Orthogon Therapeutics, a privately held research and development (R&D) company, uses principles of biophysics and structure-based drug design to develop anti-infective small molecules that selectively bind and neutralize key target proteins at intermolecular contact hotspots with other proteins, DNA or RNA. Orthogon is part of the Pledge Therapeutics family of companies, an enterprise built around a discovery engine and focused on tackling some of the most elusive targets in drug discovery today.

To identify drug candidates with novel mechanisms of action, Orthogon uses a proprietary, iterative drug discovery platform. First, a target protein is screened in its functional conformation using small organic compounds and X-ray crystallography to visualize drug-protein interaction sites. Next, the kinetic and thermodynamic parameters provided by this ‘molecular fingerprint’ of the binding site(s) power the machine learning–based in silico design and optimization of lead molecules using medicinal chemistry principles. Finally, binding site coordinates and biophysical properties of these lead compounds are experimentally determined and re-incorporated into the in silico design step. This iterative process of integrating and optimizing biophysical and structural parameters drives the design of pharmacologically unique lead compounds typically not found in commercial libraries.

Using this discovery platform, Orthogon has developed first-in-class lead compounds that simultaneously target both BK and JC viruses (Fig. 1), two human polyomaviruses that cause substantial morbidity and mortality in immune-compromised patients, especially in transplant recipients, and represent a large unmet medical need.

“By implementing a discovery engine that uses the highest quality structure and activity data inputs to drive an iterative optimization process, we are exploring opportunities with novel, previously deemed to be difficult-to-drug, targets that will alter the treatment paradigm for a number of unaddressed life-threatening infectious diseases,” said Ali Munawar, CEO of Orthogon.

Schematic of Orthogon's drug discovery platform

Fig. 1 | Using molecular fingerprinting to design novel anti-infectives. Orthogon’s drug discovery platform designs anti-infective small molecules that selectively bind and neutralize key target proteins at hotspots.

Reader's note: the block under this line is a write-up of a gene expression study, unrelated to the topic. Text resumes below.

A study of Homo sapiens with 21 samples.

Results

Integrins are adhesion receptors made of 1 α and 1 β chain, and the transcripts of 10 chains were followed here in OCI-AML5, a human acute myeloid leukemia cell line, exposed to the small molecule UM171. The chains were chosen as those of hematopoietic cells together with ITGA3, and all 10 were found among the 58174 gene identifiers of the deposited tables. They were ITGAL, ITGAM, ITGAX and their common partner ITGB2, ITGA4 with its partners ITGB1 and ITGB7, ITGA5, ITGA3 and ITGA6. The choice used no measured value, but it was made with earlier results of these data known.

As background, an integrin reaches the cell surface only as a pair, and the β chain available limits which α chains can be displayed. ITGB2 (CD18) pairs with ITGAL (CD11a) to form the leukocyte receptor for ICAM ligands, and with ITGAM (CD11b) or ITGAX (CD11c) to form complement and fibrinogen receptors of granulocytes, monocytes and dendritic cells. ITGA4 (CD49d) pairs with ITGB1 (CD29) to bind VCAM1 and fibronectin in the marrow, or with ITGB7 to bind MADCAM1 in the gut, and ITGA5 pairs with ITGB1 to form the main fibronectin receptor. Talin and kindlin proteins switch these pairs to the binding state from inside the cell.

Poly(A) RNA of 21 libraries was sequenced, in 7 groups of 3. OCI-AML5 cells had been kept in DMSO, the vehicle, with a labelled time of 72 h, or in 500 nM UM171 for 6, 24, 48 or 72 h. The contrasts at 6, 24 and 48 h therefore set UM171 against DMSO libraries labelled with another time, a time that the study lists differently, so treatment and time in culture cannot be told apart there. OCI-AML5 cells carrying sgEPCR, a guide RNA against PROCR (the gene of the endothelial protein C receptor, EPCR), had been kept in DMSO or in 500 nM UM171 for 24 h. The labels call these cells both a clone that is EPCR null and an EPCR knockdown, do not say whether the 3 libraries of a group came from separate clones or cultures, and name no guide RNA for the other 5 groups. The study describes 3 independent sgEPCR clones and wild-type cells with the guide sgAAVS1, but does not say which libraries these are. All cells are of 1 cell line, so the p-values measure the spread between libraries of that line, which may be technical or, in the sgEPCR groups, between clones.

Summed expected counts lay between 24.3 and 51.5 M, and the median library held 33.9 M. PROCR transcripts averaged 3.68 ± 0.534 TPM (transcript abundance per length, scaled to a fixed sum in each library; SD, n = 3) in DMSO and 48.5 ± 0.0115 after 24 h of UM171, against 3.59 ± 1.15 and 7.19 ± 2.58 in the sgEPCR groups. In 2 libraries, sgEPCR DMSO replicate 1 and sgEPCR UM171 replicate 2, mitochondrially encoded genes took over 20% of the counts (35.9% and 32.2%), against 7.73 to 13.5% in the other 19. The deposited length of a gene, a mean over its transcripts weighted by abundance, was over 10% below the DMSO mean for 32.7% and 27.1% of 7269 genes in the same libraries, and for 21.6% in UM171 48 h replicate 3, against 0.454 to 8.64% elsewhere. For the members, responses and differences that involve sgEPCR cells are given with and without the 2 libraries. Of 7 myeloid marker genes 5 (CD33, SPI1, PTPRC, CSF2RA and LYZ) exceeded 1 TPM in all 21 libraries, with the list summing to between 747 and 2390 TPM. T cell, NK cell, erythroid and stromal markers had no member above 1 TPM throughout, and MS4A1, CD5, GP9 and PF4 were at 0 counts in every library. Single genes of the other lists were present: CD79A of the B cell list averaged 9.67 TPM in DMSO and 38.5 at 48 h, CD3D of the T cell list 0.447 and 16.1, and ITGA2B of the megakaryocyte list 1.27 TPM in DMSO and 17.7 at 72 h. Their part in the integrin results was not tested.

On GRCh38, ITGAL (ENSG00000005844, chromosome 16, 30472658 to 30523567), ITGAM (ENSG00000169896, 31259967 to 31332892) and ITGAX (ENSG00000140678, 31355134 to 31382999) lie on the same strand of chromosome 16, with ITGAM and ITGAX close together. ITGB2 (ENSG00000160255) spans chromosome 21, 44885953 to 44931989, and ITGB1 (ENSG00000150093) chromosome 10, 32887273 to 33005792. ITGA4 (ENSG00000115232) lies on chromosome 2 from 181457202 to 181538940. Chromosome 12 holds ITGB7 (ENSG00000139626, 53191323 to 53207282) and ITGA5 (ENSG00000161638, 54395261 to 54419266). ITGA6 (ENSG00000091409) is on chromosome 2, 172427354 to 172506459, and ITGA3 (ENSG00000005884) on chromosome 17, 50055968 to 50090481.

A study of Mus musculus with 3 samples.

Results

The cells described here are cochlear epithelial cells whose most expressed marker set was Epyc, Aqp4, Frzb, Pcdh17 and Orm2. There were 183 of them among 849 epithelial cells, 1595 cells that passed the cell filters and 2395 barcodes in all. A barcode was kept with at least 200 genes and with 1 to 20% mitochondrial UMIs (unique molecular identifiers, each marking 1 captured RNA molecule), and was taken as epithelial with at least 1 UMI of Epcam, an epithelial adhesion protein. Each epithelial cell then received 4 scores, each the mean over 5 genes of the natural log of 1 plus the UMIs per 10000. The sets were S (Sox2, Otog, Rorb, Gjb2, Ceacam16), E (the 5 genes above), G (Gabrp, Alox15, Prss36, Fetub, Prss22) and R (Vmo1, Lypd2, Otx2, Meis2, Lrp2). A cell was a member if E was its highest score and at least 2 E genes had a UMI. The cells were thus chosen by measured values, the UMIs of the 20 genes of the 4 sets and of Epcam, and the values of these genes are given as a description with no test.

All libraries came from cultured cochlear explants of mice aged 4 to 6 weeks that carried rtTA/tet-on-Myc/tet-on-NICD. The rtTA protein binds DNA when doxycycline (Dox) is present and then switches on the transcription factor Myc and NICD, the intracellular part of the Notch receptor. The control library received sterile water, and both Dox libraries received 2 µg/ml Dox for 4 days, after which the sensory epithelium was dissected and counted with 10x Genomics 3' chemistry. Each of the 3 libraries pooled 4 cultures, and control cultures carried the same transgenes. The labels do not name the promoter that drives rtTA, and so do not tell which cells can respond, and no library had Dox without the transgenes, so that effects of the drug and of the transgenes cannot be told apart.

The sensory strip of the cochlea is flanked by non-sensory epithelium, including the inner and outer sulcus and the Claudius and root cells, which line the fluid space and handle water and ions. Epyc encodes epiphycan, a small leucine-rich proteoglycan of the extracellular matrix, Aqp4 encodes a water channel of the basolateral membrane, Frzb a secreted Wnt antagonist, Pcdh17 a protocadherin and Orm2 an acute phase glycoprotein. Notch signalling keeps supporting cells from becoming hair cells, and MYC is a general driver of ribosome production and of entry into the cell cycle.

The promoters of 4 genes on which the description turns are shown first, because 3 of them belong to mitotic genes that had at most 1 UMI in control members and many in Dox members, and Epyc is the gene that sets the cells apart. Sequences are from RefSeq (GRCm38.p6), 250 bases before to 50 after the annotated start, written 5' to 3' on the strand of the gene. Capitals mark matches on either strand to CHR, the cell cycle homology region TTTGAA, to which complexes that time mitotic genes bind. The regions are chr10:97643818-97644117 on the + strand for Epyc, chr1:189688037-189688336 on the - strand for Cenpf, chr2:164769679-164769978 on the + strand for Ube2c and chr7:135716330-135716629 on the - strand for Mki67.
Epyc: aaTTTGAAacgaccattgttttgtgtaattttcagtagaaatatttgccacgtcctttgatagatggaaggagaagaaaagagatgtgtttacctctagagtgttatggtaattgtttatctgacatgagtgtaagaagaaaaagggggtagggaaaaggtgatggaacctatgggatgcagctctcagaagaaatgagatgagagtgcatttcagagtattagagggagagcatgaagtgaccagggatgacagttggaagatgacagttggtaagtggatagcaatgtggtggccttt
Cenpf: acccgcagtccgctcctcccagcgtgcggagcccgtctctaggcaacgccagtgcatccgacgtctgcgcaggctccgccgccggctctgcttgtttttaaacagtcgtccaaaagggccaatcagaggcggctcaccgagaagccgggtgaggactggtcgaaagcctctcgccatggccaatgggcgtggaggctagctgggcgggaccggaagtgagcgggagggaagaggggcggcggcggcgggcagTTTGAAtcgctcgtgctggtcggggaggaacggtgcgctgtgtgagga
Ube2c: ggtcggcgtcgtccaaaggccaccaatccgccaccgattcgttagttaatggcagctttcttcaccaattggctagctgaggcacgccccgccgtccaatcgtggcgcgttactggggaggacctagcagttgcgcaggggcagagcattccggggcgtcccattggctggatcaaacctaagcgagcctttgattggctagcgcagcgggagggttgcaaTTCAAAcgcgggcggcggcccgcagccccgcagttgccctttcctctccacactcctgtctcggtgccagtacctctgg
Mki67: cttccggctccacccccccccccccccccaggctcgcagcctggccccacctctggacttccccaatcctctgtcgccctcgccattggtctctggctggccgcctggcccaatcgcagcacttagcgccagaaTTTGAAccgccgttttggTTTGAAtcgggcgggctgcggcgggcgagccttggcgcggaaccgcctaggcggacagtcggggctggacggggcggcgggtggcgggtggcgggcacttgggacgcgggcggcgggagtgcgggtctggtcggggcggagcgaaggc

In addition to its two polyomavirus lead compounds, Orthogon has the first ever Glycyl tRNA synthetase–targeting small molecule in preclinical development to treat Enterobacteriaceae and Klebsiella infections. A novel broad spectrum SARS-CoV-2 spike protein–targeting antibody, also in preclinical development, has promising potent neutralizing activity against the SARS-CoV and SARS-CoV-2 viruses and the Omicron BA.2 variant and is expected to be refractory to resistance in future variants.

Tackling the polyomavirus challenge

A leading cause of severe and often fatal clinical complications in immunocompromised patients is reactivation of the pervasive BK and JC polyomaviruses. Latent infection with these viruses is prevalent in 70–90% of the population, and reactivation leads to nephropathy and kidney complications in the case of the BK virus, and to progressive multifocal leukoencephalopathy (PML) in the case of the neuro-tropic JC virus. Development of small molecule drugs has been challenging due to the absence of conventional antiviral drug targets and a lack of polyomavirus-specific drug development tools and techniques.

Orthogon has used its drug discovery platform to characterize the two main proteins encoded by the small polyomavirus genome—the polyomavirus capsid protein (PyVP1) and the large tumor antigen (LTag) helicase—and to identify new ways to successfully target them.

Orthogon’s lead compound is a PyVP1-targeting small molecule that binds to sites critical for virus assembly. The compound is highly potent and exhibits an attractive pharmacokinetic and toxicology profile, positioning it as a first-in-class, orally available drug for treating polyomavirus infections. The compound is in pre-investigational new drug (IND) development for BK virus infections in transplant patients.

A second group of early stage, first-in-class small molecules targets the highly conserved LTag, inhibiting viral replication through a highly selective mechanism of action in both BK and JC viruses. Orthogon’s polyomavirus pipeline is complemented by a suite of first-in-class host-targeted antivirals that have the potential for broad-spectrum activity against multiple members of the polyomavirus family.

Further expansion of Orthogon’s polyomavirus portfolio is supported by an array of first-ever tools including reporter assays, extensive protein structure data and ongoing work on an animal model of BK polyomavirus.

Translational partnerships in anti-infectives

With a transatlantic footprint in the US and Europe, over 7,500 ft2 of state-of-the-art research space, and a network of collaborations to complement its in-house capabilities, Orthogon is building a portfolio of de-risked, validated drug candidates ready for co-development partnerships.

“Fighting life threatening infections of viral and bacterial origin requires the development of drugs with novel mechanisms of action that have a high barrier to genetic resistance.” said Munawar. “Our platform enables us to access drug targets that have historically remained out of therapeutic reach. We are poised to use our data-driven drug discovery platform in collaboration with partners who share our vision of discovering and advancing revolutionary, first-in-class, medicines that could help improve health outcomes around the globe.”